Searching for new ways in Digital Rights Management
Dow Jones Newswire's Austrian partner, the PTX-direkt news service, reports that scientists of the Imperial College Internet Centre in London have suggested alternatives to the classical forms of Digital Rights Management (DRM) for digital entertainment providers. The new approaches involve digital watermarks and server-based simultaneous usage control via the internet, and are designed to avoid some of the particularly cumbersome effects of current methods for users, for example expiry dates, usage counters and files with device specific licences. The new approach is to allow users to privately copy music and video files as well as play their files on various different devices, but make it unattractive to share content in ways that are not permitted, which includes the illegal sharing with a large number of users.
The Internet Centre's Thierry Rayna presented two varieties of "user-friendly" control; both involve robust individual ID codes – watermarks – which would remain intact when users copy the respective files and can withstand compression and decompression. The first approach is simply to prevent an "original" file being played back on more than one device at a time. If the control server detects that a file sample to be played back is already playing on some other device it will block the new playback request. This way, users can play back as many copies on as many devices as they like, but have to take into account that if they share a file, this file could already be playing on someone else's device when they wish to access it. It is, therefore, in the user's own best interest not to share. According to Rayna, this method has the advantage of anonymity, as only the watermark – and no personal or device specific data – is transmitted during every check.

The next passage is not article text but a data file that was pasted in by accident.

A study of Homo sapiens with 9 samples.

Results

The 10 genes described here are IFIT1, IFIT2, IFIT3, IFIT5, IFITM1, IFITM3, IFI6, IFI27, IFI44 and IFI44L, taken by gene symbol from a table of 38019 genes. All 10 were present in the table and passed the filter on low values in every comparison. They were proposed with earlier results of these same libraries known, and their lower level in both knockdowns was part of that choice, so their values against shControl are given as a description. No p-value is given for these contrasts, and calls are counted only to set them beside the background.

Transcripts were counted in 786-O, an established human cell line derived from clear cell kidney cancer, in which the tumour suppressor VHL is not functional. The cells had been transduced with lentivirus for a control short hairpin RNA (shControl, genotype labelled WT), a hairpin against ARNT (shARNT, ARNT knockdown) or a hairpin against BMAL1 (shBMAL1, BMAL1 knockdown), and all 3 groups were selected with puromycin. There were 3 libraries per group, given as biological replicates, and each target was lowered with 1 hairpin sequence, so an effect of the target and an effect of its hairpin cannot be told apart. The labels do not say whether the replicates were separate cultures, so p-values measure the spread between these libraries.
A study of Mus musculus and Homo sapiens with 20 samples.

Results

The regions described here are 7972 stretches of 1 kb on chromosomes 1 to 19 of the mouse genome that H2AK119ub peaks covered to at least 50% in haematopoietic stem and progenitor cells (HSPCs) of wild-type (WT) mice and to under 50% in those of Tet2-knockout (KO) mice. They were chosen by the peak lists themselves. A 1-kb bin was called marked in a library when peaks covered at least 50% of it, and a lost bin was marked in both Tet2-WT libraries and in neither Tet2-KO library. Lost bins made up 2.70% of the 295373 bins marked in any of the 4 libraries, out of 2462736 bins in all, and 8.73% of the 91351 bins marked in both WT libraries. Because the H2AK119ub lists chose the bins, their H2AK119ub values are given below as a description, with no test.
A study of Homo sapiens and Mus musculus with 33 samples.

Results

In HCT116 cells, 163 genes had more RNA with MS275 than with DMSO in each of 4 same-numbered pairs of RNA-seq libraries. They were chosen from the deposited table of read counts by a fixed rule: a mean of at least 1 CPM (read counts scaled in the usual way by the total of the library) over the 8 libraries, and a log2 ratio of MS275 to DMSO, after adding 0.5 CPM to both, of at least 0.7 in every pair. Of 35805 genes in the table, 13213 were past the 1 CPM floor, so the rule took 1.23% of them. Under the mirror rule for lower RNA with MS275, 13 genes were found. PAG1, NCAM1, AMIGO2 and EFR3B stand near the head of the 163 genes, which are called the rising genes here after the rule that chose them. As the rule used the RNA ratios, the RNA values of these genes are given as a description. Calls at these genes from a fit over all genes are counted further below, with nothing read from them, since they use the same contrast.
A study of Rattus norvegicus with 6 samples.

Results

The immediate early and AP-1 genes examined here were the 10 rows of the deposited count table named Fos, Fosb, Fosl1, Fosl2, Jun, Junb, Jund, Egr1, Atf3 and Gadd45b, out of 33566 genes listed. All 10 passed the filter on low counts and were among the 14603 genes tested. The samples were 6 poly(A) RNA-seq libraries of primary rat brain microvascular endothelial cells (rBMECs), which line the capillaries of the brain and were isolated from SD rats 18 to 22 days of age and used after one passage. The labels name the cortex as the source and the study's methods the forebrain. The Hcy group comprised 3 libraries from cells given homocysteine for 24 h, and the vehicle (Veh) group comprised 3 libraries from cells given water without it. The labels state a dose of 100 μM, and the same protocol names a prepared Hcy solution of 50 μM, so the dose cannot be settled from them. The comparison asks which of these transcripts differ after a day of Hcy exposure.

The second approach is similar to the idea of shareware – once very popular for software distribution – combined with elements of the pay-per-use model. Here, the user elects to become a part of the distribution and also the promotion chain. The scientists envisage that the respective entertainment files or programs can initially be downloaded as well as played or run free of charge. Every time the file is used, this is logged online. After a trial phase, an algorithm that the London scientists are reportedly currently developing will determine the type and duration of use so far, and calculate a price for future use. This allows users to pay less for music they play infrequently than for music they play often. According to the UK scientists, this system allows small contributions to be made for products users would otherwise not try at all or would obtain illegally.
Both methods include the same disadvantage that also makes classical DRM measures unacceptable to many users: They require continuous internet access, which is available on devices like PCs or Smartphones like the iPhone, but not on small devices like MP3 or other mobile players. In addition, with mobile data traffic there is a cost issue. Flat rates for mobile devices are currently still the exception, and not all customers are prepared to pay extra for data transfers when playing music or videos on the go.
Those who advocate the modified DRM concepts point out that classical methods like Apple's iTunes platform impose far stronger restrictions on the legitimate users of digital contents. Protected files purchased via iTunes, for example, can only be played on Apple's iPod or the iPhone. Apple's DRM system does not support mobile devices by other manufacturers, which was criticised by the Norwegian consumer ombudsman and others.
iTunes now also offers DRM-free music by EMI, but the range is still very limited. According to a news release by cnet.uk, Apple is currently negotiating with three of the major music labels – Universal, Warner and Sony BMG – to expand its portfolio, but no decision has so far been reached. At the same time, all parties involved have been working to move on from the present DRM concept. Vendors like Amazon, MySpace Music and Napster are already selling DRM-free MP3 music. EMI and Warner have contracts with Microsoft for marketing free music via the Zune platform.